Ceredigion towns’ traffic-less Covid ‘safe zones’ to be kept as part of regeneration plans
Katy Jenkins, local democracy reporter
Some of the covid-19 ‘safe zone’ changes made to Ceredigion towns will be kept as part of new plans to “regenerate” them.
A special thriving communities overview and scrutiny committee on Friday (October 1) focused on the safe zones established in Aberystwyth, Aberaeron, Cardigan, and New Quay as the nation opened up after covid-19 lockdown in 2020.
Aspects of the schemes caused a backlash from communities and criticism from local members about a lack of consultation, with changes made to the safe zones in 2021.
On Friday councillors heard that a planned “experimental traffic order” will incorporate parts of the schemes which have worked well with discussions with each local member planned for the later this month.
Corporate lead officer Russell Hughes-Pickering said street closures were unlikely but “if things have worked and have helped the vitality of the town” the plan could move to the medium and longer-term improvement of town centres.
“I think we recognise that there are things that have worked and there are things that haven’t,” he added.
The committee welcomed the “opportunity to improve layouts of the town” but highlighted that members had to be consulted and there were concerns raised about traffic, access for disabled people and the less-able as well as residents living in town centres.
Llanbadarn Fawr Padarn member Cllr Gareth Davies said the zones have had an impact on a number of towns and although people understood the safety reasons for them initially there had been many objections.
Aberystwyth central member Cllr Ceredig Davies also reiterated traffic concerns in the town saying the road changes had sent vehicles to the “narrowest streets you can think of.”
He said that residents were overlooked and that town centres were not just “a collection of business” with some people telling him they felt they were in “lockdown zones” with restricted vehicle access to their homes.
He reiterated his frustration at the lack of consultation with local members initially and questioned if there was evidence that the zones had been effective in preventing infection.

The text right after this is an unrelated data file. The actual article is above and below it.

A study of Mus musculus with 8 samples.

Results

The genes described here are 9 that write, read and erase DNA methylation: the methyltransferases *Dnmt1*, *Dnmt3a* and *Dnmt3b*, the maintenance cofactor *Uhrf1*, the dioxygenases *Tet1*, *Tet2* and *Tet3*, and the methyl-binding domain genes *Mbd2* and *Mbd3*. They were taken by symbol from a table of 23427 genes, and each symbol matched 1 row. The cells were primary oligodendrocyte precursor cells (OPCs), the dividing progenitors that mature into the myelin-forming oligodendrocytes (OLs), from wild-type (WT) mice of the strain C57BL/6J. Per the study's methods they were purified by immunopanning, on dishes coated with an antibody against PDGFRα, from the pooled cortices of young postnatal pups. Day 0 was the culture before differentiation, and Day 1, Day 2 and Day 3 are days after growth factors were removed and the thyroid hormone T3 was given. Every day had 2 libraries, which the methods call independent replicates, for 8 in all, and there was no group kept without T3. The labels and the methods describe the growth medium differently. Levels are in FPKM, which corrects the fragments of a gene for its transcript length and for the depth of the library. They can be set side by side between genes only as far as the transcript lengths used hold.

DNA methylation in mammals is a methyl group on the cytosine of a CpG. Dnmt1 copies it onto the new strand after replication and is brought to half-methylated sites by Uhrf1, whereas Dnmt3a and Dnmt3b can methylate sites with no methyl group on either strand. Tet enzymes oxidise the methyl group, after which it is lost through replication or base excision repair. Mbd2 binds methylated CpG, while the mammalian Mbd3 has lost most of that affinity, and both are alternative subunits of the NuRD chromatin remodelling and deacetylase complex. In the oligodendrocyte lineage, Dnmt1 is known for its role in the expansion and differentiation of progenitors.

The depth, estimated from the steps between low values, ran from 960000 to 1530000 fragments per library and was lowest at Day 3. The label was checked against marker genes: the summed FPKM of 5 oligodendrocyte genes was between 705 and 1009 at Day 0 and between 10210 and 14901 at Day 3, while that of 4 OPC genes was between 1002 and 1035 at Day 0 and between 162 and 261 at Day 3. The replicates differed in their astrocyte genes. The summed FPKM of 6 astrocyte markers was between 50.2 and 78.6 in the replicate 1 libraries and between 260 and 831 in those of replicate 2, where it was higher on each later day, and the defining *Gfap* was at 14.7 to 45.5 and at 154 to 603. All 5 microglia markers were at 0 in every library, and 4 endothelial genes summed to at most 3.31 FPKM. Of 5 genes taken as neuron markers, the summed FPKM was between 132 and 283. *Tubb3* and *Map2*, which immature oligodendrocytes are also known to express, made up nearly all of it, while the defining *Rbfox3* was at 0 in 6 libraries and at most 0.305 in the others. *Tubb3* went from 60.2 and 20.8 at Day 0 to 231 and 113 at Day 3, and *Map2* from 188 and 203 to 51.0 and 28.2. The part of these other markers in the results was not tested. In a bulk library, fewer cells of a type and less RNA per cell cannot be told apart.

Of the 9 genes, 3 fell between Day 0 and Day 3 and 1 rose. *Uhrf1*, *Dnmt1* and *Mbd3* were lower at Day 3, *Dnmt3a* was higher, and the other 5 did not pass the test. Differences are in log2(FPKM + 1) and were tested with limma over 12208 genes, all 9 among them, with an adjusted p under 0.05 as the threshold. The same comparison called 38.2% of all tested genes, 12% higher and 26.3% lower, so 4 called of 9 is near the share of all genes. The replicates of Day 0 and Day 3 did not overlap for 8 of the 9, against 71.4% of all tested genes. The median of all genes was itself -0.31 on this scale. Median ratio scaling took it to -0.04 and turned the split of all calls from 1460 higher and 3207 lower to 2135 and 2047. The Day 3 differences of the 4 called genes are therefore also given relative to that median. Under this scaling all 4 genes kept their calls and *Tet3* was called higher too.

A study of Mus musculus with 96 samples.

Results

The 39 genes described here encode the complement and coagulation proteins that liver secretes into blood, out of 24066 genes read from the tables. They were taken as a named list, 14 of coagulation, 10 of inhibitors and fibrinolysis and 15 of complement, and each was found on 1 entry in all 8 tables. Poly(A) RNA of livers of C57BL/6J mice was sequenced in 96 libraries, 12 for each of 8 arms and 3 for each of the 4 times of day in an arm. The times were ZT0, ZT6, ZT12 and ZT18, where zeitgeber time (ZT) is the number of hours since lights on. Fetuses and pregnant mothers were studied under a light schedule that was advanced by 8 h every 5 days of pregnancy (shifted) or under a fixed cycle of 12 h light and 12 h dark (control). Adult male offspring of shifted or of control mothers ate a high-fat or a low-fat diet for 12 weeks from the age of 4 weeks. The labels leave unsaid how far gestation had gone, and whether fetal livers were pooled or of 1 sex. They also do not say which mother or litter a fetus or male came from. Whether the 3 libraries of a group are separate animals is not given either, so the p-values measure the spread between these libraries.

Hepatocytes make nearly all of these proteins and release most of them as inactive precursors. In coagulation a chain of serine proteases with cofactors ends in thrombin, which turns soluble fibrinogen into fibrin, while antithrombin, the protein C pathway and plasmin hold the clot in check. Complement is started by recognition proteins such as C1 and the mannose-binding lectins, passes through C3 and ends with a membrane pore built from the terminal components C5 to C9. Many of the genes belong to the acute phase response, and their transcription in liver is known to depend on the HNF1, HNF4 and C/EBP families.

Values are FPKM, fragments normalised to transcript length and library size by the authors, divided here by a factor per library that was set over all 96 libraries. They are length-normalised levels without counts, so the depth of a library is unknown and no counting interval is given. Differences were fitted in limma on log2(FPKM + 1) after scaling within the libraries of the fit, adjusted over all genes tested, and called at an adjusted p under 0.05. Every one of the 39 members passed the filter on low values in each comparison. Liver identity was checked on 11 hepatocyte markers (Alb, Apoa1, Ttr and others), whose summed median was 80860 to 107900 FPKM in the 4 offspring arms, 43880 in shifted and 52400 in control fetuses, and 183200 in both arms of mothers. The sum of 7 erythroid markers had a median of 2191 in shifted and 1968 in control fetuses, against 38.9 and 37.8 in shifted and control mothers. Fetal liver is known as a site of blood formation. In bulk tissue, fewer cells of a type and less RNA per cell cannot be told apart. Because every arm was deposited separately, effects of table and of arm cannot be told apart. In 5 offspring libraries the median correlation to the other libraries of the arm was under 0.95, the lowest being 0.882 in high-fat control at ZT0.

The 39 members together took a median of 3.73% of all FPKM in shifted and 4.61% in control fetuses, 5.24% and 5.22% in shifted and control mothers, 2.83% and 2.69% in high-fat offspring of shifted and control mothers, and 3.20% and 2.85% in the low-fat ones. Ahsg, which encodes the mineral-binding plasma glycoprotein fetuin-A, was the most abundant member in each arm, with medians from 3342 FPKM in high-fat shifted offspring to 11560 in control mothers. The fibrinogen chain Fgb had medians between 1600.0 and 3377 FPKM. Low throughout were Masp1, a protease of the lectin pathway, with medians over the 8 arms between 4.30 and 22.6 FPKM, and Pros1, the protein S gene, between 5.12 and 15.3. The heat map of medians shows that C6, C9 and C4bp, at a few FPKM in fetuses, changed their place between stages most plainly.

Allowing hospitality business to trade outside had been gratefully received said Aberaeron councillor Elizabeth Evans but she also raised concerns about “convenience shoppers” unable to pop to their nearest shops as widen pavements meant fewer on road parking and the financial impact on businesses.
“I have got more disabled parking spaces than we ever had in Aberaeron and that’s to be welcomed,” she said, adding that not everyone had a blude badge and the elderly population must be considered more.
“I certainly don’t want disabled spaces taken away but we need to be conscious of the less able shopper who can’t walk that distance from our car parks,” added Cllr Evans.
Cllr John Roberts called the plan “an exercise to change town centres by the back door” and the only traders benefiting were in hospitality while Cllr John Adams-Lewis added despite not being in favour initially things had improved and he looked forward to further discussions.
The use of digital surveys to seek public views was highlighted by Cllr Lyndon Lloyd, who said “30 per cent of Ceredigion people are not online” adding he knew of people who no longer shopped in Cardigan since the changes.
A framework for each town, including details of all safe zone elements and proposals for what will be “revoked, kept or amend” will be discussed with a local member before the experimental traffic order is brought back to scrutiny for further discussion.
If implemented, following a cabinet decision, the first six months is considered a consultation period the committee heard, with changes possible without the need for new orders.